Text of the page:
Syntax is like the punctuation of code. There aren't too many rules, but getting something very slightly incorrect will result in a big headache when you're trying to write a program. A good idea when you are writing a large program is to press the Compile button when you finish up a section of the code. If you get a syntax error, you can hunt down the problem before it's buried in code. Here we cover the core syntax of the Arduino language. Besides void setup( ) and void loop( ), the rest applies to C++ as well.

void setup( ){ }

Void setup is technically a function that you create at the top of each program. Inside the curly brackets is the code that you want to run one time as soon as the program starts running. You set things like pinMode in this section.


void loop( ){ }

The loop is another function that Arduino uses as a part of its structure. The code inside the loop function runs over and over as long as the Maker Board is turned on.


; (semicolon)

The end of a command or statement. The compiler doesn't look for spaces in your code, it looks for semicolons


{ } curly braces

A group of code statements. You always need a closing curly brace to match each opening curly brace.


( ) parentheses

A group of arguments for a function, a method, or a code statement. You can also use these to group math within equations like: random( (10-7), (500 -100)); so that the math will result in: random(3,400);


//single line comment

When you type two forward slashes, the code from that point until the end of that line is ignored by the compiler. Use comments to explain what your code does, help you remember how the hardware is hooked up, or to remove some code from the program without deleting it.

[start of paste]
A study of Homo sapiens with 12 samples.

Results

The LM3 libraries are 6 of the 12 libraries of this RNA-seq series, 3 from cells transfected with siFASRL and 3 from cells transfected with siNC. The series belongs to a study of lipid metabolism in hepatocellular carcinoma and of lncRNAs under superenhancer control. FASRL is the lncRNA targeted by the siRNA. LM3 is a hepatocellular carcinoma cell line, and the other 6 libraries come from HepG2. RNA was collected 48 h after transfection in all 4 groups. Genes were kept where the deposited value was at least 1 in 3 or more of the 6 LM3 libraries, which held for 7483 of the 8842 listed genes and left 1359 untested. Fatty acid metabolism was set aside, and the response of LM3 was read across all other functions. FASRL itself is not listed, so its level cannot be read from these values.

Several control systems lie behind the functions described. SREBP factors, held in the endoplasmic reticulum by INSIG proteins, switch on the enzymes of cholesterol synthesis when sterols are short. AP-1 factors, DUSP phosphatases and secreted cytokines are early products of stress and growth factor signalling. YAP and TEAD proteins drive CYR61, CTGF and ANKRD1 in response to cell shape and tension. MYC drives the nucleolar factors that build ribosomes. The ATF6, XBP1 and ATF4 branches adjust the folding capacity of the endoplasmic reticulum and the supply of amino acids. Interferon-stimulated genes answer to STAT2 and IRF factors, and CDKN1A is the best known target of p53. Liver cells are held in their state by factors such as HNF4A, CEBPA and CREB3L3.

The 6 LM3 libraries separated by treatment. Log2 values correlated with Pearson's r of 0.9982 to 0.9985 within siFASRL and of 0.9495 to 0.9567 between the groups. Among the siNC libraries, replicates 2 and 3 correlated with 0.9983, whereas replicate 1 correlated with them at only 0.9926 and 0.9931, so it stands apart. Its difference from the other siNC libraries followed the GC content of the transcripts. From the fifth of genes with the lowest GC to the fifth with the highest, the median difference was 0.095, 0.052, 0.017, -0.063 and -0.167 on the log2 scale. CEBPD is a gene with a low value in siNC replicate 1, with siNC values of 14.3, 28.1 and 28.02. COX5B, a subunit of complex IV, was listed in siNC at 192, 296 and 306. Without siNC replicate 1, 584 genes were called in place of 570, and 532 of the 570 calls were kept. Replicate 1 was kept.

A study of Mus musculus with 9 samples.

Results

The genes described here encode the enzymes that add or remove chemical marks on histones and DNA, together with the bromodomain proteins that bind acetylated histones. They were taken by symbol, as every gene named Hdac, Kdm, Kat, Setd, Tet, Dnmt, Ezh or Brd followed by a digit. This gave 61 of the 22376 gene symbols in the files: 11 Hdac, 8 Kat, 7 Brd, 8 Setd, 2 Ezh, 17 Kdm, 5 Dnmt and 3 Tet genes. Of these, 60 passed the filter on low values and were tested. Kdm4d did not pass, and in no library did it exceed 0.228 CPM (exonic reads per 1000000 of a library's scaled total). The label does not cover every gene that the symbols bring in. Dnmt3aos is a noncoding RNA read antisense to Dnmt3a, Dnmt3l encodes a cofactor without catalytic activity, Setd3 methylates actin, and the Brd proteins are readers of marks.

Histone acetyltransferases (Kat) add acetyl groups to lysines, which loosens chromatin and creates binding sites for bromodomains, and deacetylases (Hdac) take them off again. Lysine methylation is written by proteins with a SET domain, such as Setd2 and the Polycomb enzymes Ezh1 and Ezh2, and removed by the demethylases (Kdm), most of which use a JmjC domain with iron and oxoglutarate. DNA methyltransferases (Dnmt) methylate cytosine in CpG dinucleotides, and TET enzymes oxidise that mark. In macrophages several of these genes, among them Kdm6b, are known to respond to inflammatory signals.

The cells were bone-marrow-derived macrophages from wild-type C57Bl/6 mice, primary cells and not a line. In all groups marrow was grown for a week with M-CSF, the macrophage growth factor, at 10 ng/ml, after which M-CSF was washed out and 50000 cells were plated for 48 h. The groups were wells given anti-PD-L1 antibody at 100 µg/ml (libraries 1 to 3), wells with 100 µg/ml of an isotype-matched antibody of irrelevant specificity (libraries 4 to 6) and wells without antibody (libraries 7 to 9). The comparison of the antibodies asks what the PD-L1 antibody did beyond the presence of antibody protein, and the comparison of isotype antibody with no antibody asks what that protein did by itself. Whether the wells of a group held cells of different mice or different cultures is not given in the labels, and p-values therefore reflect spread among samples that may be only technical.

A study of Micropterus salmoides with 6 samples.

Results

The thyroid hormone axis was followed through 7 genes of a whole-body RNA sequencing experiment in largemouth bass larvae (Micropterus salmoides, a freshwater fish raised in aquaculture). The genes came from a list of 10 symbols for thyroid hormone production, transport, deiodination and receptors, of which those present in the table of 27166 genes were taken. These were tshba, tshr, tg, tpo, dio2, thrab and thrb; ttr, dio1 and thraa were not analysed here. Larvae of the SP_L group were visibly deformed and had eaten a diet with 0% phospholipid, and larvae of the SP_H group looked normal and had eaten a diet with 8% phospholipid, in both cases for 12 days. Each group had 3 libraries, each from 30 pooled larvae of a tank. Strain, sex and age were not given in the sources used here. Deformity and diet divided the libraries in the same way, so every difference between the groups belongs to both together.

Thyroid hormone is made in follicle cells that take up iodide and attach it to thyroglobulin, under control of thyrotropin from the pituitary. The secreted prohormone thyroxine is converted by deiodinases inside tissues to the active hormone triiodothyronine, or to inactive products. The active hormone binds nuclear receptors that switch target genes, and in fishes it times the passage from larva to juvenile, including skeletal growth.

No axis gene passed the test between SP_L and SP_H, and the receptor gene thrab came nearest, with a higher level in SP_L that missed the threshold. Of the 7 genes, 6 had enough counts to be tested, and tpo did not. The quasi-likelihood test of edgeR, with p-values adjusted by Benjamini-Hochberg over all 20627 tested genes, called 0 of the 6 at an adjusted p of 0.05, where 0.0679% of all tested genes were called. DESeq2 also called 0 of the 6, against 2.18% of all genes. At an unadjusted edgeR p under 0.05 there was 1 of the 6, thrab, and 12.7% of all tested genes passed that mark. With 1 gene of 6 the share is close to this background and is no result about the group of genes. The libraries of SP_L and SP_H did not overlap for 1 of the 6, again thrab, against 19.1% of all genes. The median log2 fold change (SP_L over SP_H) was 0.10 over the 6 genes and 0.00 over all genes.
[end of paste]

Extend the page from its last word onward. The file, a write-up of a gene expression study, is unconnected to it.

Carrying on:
/* multi-line comment */

A multi-line comment starts with the /* and doesn't end until the */ characters. When you have a lot to type, use a multi-line comment to make it easier to group the information together.


#define button 2

the #define command is used for a 'find and replace within your code. It is similar to creating a variable to replace a number, but it doesn't take up any memory. The downside of the #define is that, using the example above, a variable called buttonPress becomes 2Press when the code is compiled.


#include <library.h> or #include “library.h”

In the functions section of this text, we spoke about many of the built-in Arduino functions and how useful they can be to simplify your code and make hardware easier to interface with. Libraries are files that you can include in your code to use even more methods and functions. Anyone can write a library, so there are thousands of Arduino libraries available to you.


For example, Servo.h is automatically included with the Arduino software when you download it. It includes methods to use your Maker Board pins for driving motors. Opening File-→ Examples-→ Servo-→Sweep will open a program that shows you how Servo.h uses methods to control motors. The best libraries are those that clearly explain what the author wants to accomplish with the library and how you can use it for your code.